E Struelens, Frank Tuyttens UGent, Bart Ampe UGent, Frank Odberg UGent, Bart Sonck UGent and Luc Duchateau UGent (2009) BRITISH POULTRY SCIENCE. 50(4). p.418-423
abstract
. In order to investigate the effect of perch width on perching behaviour of laying hens, two experiments in which hens could choose between 7 different perch widths (1 center dot 5, 3 center dot 0, 4 center dot 5, 6 center dot 0, 7 center dot 5, 9 center dot 0 and 10 center dot 5 cm) were conducted. In one experiment (EXP-2P) test cages contained two long perches gradually broadening and narrowing stepwise, in the other experiment (EXP-7P) 7 separate short perches differing in width were placed in the test cages. In each experiment 12 groups of 4 hens were filmed during day and night. The behaviour and location of the hens were recorded and whether the nest box affected hen distribution over the perches was investigated. 2. During daytime, in EXP-2P, there was an increase in perch use with increasing perch width. Hens spent less time on perches of 1 center dot 5 cm wide compared to perches of 9 center dot 0 and 10 center dot 5 cm wide. In EXP-7P, the 1 center dot 5-cm wide perch was also used the least (but only the difference with 4 center dot 5-cm wide perches was statistically significant) but perch use did not increase linearly with perch width. During the night, there were no significant perch width preferences in either experiment. 3. The percentage of active behaviours (preening, walking, drinking, pecking at hen) versus passive behaviours (standing, sitting, sleeping) did not differ significantly according to perch width. 4. In EXP-7P, there was a trend for perch use to decrease with greater distances to the nest box in the morning. 5. A perch width of 1 center dot 5 cm is not recommended for laying hens. For wider perch widths, results were equivocal: they tend to support rather than challenge the widespread use of 4 center dot 5-cm wide perches in commercial units.
Please use this url to cite or link to this publication:
author
organization
year
type
journalArticle (original)
publication status
published
subject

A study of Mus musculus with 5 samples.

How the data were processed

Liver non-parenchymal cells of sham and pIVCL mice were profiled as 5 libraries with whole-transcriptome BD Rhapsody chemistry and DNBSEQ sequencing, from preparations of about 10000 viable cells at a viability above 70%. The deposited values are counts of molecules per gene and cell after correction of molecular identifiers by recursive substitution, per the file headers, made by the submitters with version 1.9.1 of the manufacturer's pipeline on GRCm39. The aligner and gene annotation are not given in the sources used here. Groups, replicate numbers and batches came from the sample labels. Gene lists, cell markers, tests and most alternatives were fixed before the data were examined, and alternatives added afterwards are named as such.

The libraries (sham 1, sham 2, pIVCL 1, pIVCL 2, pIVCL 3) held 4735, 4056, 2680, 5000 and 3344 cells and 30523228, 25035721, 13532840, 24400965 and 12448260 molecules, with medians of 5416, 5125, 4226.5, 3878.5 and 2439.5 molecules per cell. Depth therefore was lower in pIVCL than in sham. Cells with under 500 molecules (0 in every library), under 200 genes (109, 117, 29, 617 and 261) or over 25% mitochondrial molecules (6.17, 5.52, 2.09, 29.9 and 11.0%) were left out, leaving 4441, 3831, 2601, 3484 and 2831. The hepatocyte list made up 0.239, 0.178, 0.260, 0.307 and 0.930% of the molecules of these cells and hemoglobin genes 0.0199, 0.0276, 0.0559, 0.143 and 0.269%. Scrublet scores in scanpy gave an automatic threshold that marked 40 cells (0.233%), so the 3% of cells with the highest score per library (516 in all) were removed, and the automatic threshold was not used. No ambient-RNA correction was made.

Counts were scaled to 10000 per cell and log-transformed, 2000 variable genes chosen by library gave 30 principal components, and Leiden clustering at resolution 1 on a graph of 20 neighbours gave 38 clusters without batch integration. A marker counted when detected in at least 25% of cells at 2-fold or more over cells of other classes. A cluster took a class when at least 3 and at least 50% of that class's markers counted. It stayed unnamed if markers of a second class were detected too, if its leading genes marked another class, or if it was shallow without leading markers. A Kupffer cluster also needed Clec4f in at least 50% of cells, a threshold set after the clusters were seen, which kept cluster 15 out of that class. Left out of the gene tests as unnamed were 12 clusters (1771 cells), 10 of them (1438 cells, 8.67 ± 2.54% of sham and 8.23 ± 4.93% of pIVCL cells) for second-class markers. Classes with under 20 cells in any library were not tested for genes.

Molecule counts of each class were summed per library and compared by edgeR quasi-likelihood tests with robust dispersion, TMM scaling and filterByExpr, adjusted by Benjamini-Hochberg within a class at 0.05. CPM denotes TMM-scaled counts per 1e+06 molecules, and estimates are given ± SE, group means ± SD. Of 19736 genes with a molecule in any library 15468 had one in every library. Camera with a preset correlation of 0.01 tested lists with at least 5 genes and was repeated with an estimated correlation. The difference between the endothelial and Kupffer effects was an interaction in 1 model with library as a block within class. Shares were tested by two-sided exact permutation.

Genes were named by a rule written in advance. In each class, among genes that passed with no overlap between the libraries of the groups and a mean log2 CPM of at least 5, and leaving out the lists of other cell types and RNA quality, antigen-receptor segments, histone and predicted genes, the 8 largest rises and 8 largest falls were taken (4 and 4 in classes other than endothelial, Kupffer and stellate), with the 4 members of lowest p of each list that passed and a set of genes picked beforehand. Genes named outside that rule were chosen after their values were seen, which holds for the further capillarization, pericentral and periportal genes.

keyword
BEHAVIOR, HYBRID, FURNISHED CAGES, CONVENTIONAL CAGES, FOOT, SYSTEM, DESIGNS
journal title
BRITISH POULTRY SCIENCE
Br. Poult. Sci.
volume
50
issue
4
pages
418 - 423
Web of Science type
Article
Web of Science id
000269582200003
JCR category
AGRICULTURE, DAIRY & ANIMAL SCIENCE
JCR impact factor
1.064 (2009)
JCR rank
19/49 (2009)
JCR quartile
2 (2009)
ISSN
0007-1668
DOI
10.1080/00071660903110885
language
English
UGent publication?
yes
classification
A1
copyright statement
I have transferred the copyright for this publication to the publisher
id
815796
handle
http://hdl.handle.net/1854/LU-815796
date created
2009-12-22 18:06:39
date last changed
2014-02-19 11:11:33
@article{815796,
  abstract     = {. In order to investigate the effect of perch width on perching behaviour of laying hens, two experiments in which hens could choose between 7 different perch widths (1 center dot 5, 3 center dot 0, 4 center dot 5, 6 center dot 0, 7 center dot 5, 9 center dot 0 and 10 center dot 5 cm) were conducted. In one experiment (EXP-2P) test cages contained two long perches gradually broadening and narrowing stepwise, in the other experiment (EXP-7P) 7 separate short perches differing in width were placed in the test cages. In each experiment 12 groups of 4 hens were filmed during day and night. The behaviour and location of the hens were recorded and whether the nest box affected hen distribution over the perches was investigated. 2. During daytime, in EXP-2P, there was an increase in perch use with increasing perch width. Hens spent less time on perches of 1 center dot 5 cm wide compared to perches of 9 center dot 0 and 10 center dot 5 cm wide. In EXP-7P, the 1 center dot 5-cm wide perch was also used the least (but only the difference with 4 center dot 5-cm wide perches was statistically significant) but perch use did not increase linearly with perch width. During the night, there were no significant perch width preferences in either experiment. 3. The percentage of active behaviours (preening, walking, drinking, pecking at hen) versus passive behaviours (standing, sitting, sleeping) did not differ significantly according to perch width. 4. In EXP-7P, there was a trend for perch use to decrease with greater distances to the nest box in the morning. 5. A perch width of 1 center dot 5 cm is not recommended for laying hens. For wider perch widths, results were equivocal: they tend to support rather than challenge the widespread use of 4 center dot 5-cm wide perches in commercial units.},
  author       = {Struelens, E and Tuyttens, Frank and Ampe, Bart and Odberg, Frank and Sonck, Bart and Duchateau, Luc},
  issn         = {0007-1668},
  journal      = {BRITISH POULTRY SCIENCE},
  keyword      = {BEHAVIOR,HYBRID,FURNISHED CAGES,CONVENTIONAL CAGES,FOOT,SYSTEM,DESIGNS},
  language     = {eng},
  number       = {4},
  pages        = {418--423},
  title        = {Perch width preferences of laying hens},
  url          = {http://dx.doi.org/10.1080/00071660903110885},
  volume       = {50},
  year         = {2009},
}

Chicago
Struelens, E, Frank Tuyttens, Bart Ampe, Frank Odberg, Bart Sonck, and Luc Duchateau. 2009. “Perch Width Preferences of Laying Hens.” British Poultry Science 50 (4): 418–423.
APA
Struelens, E, Tuyttens, F., Ampe, B., Odberg, F., Sonck, B., & Duchateau, L. (2009). Perch width preferences of laying hens. BRITISH POULTRY SCIENCE, 50(4), 418–423.
Vancouver
1.
Struelens E, Tuyttens F, Ampe B, Odberg F, Sonck B, Duchateau L. Perch width preferences of laying hens. BRITISH POULTRY SCIENCE. 2009;50(4):418–23.
MLA
Struelens, E, Frank Tuyttens, Bart Ampe, et al. “Perch Width Preferences of Laying Hens.” BRITISH POULTRY SCIENCE 50.4 (2009): 418–423. Print.